2nd Battalion sailed on the Assaye on 4th January 1900, and arrived
at the Cape on the 23rd. Along with the 2nd Lincolnshire, 1st King’s
Own Scottish Borderers, and 2nd Hampshire, they formed the 14th Brigade
under Brigadier – General Chermside, and part of the VIIth Division
under Lieut.-General Tucker.
VIIth Division took part in the advance from Modder River to Bloemfontein.
On 11th February 1900 the division moved from Enslin and Gras Pan
to Ramdan; on 12th to Dekiel Drift on the Riet River. The 13th was
occupied in getting waggons across. On the 14th the division moved
from Dekiel Drift to Waterval Drift, where Lord Roberts had on that
day his headquarters. On the evening of the 14th the division moved
to Wegdraai Drift, still on the Riet. On the 15th part of the division
occupied Jacobsdal, to which place Lord Roberts moved his headquarters
on the 16th. On the 18th, the day of the battle of Paardeberg, the
14th Brigade, under Cherinside, was ordered to march from Jacobsdal
to Paardeberg, where it arrived on the evening of the 19th. Thereafter
the 14th Brigade sat down at Paardeberg till Cronje came out, but
it also did very important work in assisting to repel and defeat the
Boer reinforcements coming to his assistance. The 15th Brigade, under
Wavell, was ordered to bring up the last convoy from the Modder River
camp, and to be at Osfontein, east of Paardeberg, on 7th March; no
easy matter, as the drifts were swollen with heavy rains. On the 7th
was fought the battle of Poplars Grove. In his despatch of 15th March
Lord Roberts says: “The 14th Brigade of the VIIth Division,
with its Brigade Division of Field Artillery, Nesbitt’s Horse,
and the New South Wales and Queensland Mounted Infantry, was ordered
to march eastward along the south bank of the river for the purpose
of threatening the enemy, distracting attention from the main attack
on Table Mountain (intrusted to the VIth Division), and assisting
the cavalry in preventing the Boers from crossing the river at the
Poplar Grove Drift.” On the 8th and 9th March the army halted
at Poplars Grove, but on the latter date Lord Roberts issued his instructions
for his next advance in three columns on Bloemfontein. Lieut.-General
Tucker commanded the right or southmost column, consisting of the
VIIth Division, the 3rd Cavalry Brigade, and Ridley’s brigade
of Mounted Infantry, and he was instructed to march viâ Petrusburg,
Driekop, Panfontein, to Venter’s Vlei, eighteen miles from Bloemfontein,
in four marches; but on the 10th, after the battle of Driefontein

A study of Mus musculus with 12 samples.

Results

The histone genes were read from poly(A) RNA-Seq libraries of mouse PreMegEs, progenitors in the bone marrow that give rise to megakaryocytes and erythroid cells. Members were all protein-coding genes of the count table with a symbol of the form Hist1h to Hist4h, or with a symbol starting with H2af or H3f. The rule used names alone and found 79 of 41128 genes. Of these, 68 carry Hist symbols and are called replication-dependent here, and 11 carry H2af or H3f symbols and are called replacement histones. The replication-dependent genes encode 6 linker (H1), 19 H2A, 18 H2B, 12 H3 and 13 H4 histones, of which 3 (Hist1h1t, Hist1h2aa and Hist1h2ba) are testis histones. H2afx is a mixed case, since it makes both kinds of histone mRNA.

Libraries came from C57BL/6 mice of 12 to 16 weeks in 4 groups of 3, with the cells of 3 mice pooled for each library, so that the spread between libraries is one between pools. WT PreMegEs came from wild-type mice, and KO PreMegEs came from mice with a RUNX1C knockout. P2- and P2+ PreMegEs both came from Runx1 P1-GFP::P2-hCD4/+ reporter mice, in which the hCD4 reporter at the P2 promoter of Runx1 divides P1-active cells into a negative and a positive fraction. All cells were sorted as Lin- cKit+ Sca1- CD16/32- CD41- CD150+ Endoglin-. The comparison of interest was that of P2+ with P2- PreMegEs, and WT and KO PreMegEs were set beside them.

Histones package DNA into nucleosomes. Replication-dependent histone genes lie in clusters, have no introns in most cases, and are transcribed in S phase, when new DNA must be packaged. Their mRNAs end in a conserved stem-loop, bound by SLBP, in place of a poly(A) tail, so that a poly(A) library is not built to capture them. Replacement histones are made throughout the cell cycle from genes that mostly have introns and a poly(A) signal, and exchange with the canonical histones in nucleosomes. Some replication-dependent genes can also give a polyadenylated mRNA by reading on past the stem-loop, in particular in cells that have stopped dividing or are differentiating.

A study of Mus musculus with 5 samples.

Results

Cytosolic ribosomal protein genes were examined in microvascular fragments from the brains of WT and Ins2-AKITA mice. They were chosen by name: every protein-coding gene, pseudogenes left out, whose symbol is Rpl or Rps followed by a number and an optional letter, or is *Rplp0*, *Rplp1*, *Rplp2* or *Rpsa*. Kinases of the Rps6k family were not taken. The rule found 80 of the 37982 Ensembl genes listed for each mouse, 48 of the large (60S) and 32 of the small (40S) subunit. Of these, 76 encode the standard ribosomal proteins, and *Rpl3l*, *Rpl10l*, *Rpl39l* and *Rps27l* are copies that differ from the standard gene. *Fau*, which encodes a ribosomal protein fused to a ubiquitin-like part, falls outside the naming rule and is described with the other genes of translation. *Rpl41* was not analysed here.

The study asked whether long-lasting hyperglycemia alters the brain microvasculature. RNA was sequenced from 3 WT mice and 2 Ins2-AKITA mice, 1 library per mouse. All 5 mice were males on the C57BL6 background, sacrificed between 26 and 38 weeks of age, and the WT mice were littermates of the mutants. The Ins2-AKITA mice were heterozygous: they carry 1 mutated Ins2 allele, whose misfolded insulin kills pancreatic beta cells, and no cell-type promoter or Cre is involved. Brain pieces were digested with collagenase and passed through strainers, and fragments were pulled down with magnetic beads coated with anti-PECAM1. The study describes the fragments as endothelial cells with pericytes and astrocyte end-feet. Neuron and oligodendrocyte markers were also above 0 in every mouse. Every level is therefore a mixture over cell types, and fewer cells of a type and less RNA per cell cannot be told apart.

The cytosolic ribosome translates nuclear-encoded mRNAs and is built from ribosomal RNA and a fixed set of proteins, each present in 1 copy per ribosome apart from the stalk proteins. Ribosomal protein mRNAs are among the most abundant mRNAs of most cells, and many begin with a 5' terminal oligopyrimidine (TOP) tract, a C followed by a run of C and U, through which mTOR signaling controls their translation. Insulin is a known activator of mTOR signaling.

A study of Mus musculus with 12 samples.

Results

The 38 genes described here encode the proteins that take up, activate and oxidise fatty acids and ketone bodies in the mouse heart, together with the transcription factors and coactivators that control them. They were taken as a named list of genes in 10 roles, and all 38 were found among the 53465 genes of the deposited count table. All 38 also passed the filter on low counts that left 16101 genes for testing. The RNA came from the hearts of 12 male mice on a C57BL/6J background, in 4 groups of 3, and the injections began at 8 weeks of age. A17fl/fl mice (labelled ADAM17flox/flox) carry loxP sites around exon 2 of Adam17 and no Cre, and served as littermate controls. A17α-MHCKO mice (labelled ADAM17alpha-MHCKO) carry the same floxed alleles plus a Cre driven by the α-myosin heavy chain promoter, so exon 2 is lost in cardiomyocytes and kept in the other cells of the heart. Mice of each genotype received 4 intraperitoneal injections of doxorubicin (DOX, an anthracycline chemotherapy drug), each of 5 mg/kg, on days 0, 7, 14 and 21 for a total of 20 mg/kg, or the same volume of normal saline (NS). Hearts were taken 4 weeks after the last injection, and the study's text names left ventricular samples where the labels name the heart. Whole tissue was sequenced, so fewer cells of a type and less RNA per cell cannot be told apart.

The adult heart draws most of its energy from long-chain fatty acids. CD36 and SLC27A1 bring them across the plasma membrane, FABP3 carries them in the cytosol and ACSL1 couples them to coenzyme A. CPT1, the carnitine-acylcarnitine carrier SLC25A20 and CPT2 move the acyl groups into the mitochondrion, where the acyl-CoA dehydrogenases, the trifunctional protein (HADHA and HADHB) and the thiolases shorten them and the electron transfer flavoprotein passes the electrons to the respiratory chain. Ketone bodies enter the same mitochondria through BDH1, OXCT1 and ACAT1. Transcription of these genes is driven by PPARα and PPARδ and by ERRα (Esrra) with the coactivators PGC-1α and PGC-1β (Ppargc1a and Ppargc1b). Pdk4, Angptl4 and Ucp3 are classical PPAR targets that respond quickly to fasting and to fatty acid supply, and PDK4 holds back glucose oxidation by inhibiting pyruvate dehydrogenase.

or Abraham’s Kraal had been fought by the left and centre columns,
Lord Roberts asked Lieut.-General Tucker to halt his force at Driekop.
The division did not reach Bloemfontein till the 14th, Lord Roberts
having entered the town on the 13th.
division had no very serious fighting in the course of the eastern
advance. One captain and one corporal of the Norfolk Regiment were
mentioned in Lord Roberts’ despatch of 31st March 1900 for good
work on the way to Bloemfontein. After passing through Bloemfontein
the division was posted north of the town, General Maxwell succeeding
to the command of the 14th Brigade when General Chermside was given
the IIIrd Division.
29th March Lieut. - General Tucker, with the VIIth Division, 1st and
3rd Cavalry Brigades, and Le Gallais’ Mounted Infantry, fought
the action of Karee Siding to drive the Boers off a line of kopjes
from which they had been doing some mischief. The operations were
successfully carried out.1 The enemy held several strong positions
in the line of hills. Le Gallais on the right and French on the left
found their projected turning movements very difficult, the enemy
retaining their positions and even taking the offensive at parts until
the infantry closed in in the afternoon. The Norfolks were the first
in the infantry advance and seized the position allotted to them.
Our total casualties were about 170. The battalion lost 1 man killed
and 2 officers and 20 men wounded. After the action the VIIth Division
retained the hills they had won, thus keeping open the door for the
subsequent advance on Brandfort.
Lord Roberts moved north from Bloemfontein to Pretoria the VIIth and
XIth Divisions formed the centre of the army, the XIth, on the left
centre, being under Pole-Carew, and consisting of the 1st or Guards
Brigade, and the 18th Brigade under Stephenson, composed of the 1st
Yorks, 1st Essex, 1st Welsh, and 2nd Warwicks. The VIIth Division
was on the right of the XIth in the advance. Brandfort was occupied
on 3rd May, Smaildeel on the 6th, Kroonstad on the 12th, Pretoria
on 5th June. On the way some fighting had to be done, but the centre
was never so seriously engaged as the right and left wings of the
army. On 10th May at the crossing of the Zand River the enemy had
a strong position and was inclined to make a stand, and the 15th Brigade
had some fairly stiff work.
Johannesburg had surrendered on 31st May 1900 the WIth and XIth Divisions
marched past the Commander - in - Chief in the town, and when Lord
Roberts moved on to Pretoria the 15th Brigade, Wavell’s, was
left as garrison at Johannesburg.2 The Vllth Division did not act
together again. After Pretoria was occupied on 5th June the 14th Brigade,3
Maxwell’s, was detailed to garrison that city, Major-General
Maxwell being appointed governor.
Norfolk’s were present at the ceremony of proclaiming the annexation
of the Transvaal on 25th October 1900.4 During the later stages of
the war the battalion was employed mainly in the Central Transvaal,
being for a considerable time the garrison of Rustenburg.
officers and 14 non-commissioned officers and men were mentioned in
Lord Roberts’ final despatches, and 4 officers and 5 non-commissioned
officers in Lord Kitchener’s final despatch.
Lord Roberts’ telegram of 30th March 1900.
2 Lord Roberts’ despatch of 14th August 1900, para. 19.
3 Ibid., para. 23.
4 Lord Roberts’ telegram of 25th October 1900.